From Vitruvius to Zachmann

“Architecture is frozen music”

Goethe

“If you know the notes to sing, you can sing most anything”

Maria von Trapp

In the fourteenth and fifteenth centuries the Black Death swept across the European continent. As it abated it left behind a swelling population and upsurge of demand for goods and services. The following period of regrowth and renewed prosperity very quickly came to be known as the Renaissance or ‘rebirth’. Whole populations were inspired to find a more civilised existence than the Medieval times they left behind, leading to a surge of interest in ‘higher things’ such as science, art and architecture. Many great ideas and inventions came out of the renaissance, such as Gutenberg’s printing press, which were to transform the way that business was conducted and, perhaps more importantly, that information was communicated. Indeed, where would Europe’s revolutions have been in the eighteenth and nineteenth centuries, without the ability to produce and distribute pamphlets to a literate audience?

The rebirth of the arts led to a resurgence of interest in the ‘great civilisations’, namely the Roman and Greek periods. Italian architects such as Donatello and Brunelleschi used to pick around the remains of ruined Roman buildings, seeking inspiration for their neoclassical designs. Shortly before 1450 came a breakthrough with the rediscovery of the treatise De architectura libri decem, or “Ten books on architecture” by Marcus Vitruvius Pollo. As an artillery engineer, Vitruvius served under both Julius Caesar and his successor, Augustus. Some time around the birth of Christ, when Vitruvius was still involved in building works, he documented the principles of the both Roman and Greek architecture so, “to deliver down to posterity, as a memorial, some account of these your [Caesar’s]magnificent works.” The result was a ten-volume manual covering in depth architectural workings of all that he saw around him, both military and civilian.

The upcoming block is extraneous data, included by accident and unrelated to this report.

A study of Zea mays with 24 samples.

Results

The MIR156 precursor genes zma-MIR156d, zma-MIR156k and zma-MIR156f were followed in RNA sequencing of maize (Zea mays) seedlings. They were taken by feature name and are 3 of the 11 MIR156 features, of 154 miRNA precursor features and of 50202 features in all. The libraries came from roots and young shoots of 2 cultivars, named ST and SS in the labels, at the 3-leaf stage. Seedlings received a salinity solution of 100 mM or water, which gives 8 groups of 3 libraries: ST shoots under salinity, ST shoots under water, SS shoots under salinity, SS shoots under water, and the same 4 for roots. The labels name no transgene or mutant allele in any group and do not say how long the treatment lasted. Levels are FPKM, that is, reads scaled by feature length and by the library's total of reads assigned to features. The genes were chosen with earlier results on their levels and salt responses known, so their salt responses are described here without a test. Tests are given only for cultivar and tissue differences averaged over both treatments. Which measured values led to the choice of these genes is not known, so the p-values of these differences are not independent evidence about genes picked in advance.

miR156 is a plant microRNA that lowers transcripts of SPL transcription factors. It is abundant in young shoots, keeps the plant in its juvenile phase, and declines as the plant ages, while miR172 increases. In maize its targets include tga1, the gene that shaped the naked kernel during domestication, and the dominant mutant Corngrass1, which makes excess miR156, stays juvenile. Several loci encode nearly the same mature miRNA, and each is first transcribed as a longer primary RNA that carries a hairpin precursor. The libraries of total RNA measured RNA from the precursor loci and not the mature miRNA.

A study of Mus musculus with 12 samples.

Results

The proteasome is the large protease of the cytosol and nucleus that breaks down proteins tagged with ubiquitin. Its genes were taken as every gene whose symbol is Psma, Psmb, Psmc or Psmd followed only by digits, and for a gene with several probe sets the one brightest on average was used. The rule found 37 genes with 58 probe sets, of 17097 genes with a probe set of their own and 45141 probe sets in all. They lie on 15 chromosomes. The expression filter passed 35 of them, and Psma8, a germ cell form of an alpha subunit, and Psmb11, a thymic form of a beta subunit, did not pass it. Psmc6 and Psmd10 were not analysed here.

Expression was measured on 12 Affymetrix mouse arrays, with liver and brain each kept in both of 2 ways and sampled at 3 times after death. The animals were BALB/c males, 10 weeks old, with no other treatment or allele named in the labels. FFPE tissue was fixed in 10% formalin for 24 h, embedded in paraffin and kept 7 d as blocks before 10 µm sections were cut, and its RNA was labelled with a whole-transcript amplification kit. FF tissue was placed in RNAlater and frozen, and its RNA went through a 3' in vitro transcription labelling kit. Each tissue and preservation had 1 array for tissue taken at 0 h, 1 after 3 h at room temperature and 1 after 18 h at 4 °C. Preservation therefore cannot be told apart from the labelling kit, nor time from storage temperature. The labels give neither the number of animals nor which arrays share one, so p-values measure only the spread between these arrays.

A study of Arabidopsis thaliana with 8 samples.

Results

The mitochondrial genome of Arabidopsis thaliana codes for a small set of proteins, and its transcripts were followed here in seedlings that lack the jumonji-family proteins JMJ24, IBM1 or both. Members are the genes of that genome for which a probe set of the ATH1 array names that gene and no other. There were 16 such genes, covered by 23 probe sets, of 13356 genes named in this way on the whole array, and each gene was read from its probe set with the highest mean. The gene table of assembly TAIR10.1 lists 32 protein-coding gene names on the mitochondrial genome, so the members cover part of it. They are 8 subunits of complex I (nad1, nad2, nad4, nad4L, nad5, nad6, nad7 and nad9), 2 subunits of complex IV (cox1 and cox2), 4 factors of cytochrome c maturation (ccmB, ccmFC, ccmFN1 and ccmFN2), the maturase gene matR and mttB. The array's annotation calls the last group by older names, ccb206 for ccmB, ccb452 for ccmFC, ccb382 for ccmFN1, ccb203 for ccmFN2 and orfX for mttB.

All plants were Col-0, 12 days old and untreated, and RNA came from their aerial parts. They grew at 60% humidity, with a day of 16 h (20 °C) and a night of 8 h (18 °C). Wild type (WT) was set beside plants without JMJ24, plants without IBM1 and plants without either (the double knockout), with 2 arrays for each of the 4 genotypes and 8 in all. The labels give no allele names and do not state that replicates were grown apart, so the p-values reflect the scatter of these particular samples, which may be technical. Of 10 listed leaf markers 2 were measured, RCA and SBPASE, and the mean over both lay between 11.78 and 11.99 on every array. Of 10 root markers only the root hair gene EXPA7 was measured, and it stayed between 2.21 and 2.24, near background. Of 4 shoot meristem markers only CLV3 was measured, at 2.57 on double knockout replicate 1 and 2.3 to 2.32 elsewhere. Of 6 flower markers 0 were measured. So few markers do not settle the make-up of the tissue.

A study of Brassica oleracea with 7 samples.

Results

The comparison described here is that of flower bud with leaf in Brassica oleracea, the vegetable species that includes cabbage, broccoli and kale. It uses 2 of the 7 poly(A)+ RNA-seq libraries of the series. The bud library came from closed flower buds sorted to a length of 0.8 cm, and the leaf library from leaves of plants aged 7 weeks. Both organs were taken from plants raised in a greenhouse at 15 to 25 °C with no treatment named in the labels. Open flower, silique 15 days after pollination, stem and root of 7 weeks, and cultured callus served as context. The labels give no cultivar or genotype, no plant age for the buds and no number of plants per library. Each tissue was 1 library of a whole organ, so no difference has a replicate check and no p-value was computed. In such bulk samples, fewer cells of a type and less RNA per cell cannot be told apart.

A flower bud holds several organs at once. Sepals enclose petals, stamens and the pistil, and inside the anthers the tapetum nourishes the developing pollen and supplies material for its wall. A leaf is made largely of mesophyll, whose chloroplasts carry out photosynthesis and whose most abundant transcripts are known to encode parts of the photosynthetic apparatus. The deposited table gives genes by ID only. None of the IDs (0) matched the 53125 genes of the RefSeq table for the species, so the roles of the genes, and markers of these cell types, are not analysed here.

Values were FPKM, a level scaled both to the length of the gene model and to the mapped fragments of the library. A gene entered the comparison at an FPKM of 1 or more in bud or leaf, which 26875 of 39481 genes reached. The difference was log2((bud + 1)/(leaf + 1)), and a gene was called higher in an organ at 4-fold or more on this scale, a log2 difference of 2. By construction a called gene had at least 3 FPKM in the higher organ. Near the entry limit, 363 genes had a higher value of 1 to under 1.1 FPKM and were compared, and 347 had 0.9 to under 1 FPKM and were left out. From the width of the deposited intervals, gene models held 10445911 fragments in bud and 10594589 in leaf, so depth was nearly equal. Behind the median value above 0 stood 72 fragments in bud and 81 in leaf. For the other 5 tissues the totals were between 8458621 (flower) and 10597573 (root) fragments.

Leon Battista Alberti, one of the unsung heroes of the Italian Renaissance, translated Vitruvius’ treatise and added his own architectural ideas. Following its translation the book was one of the most influential works of its time, being widely used both in Italy and outside. Since the earliest times, architecture has been seen as a subject worth taking seriously.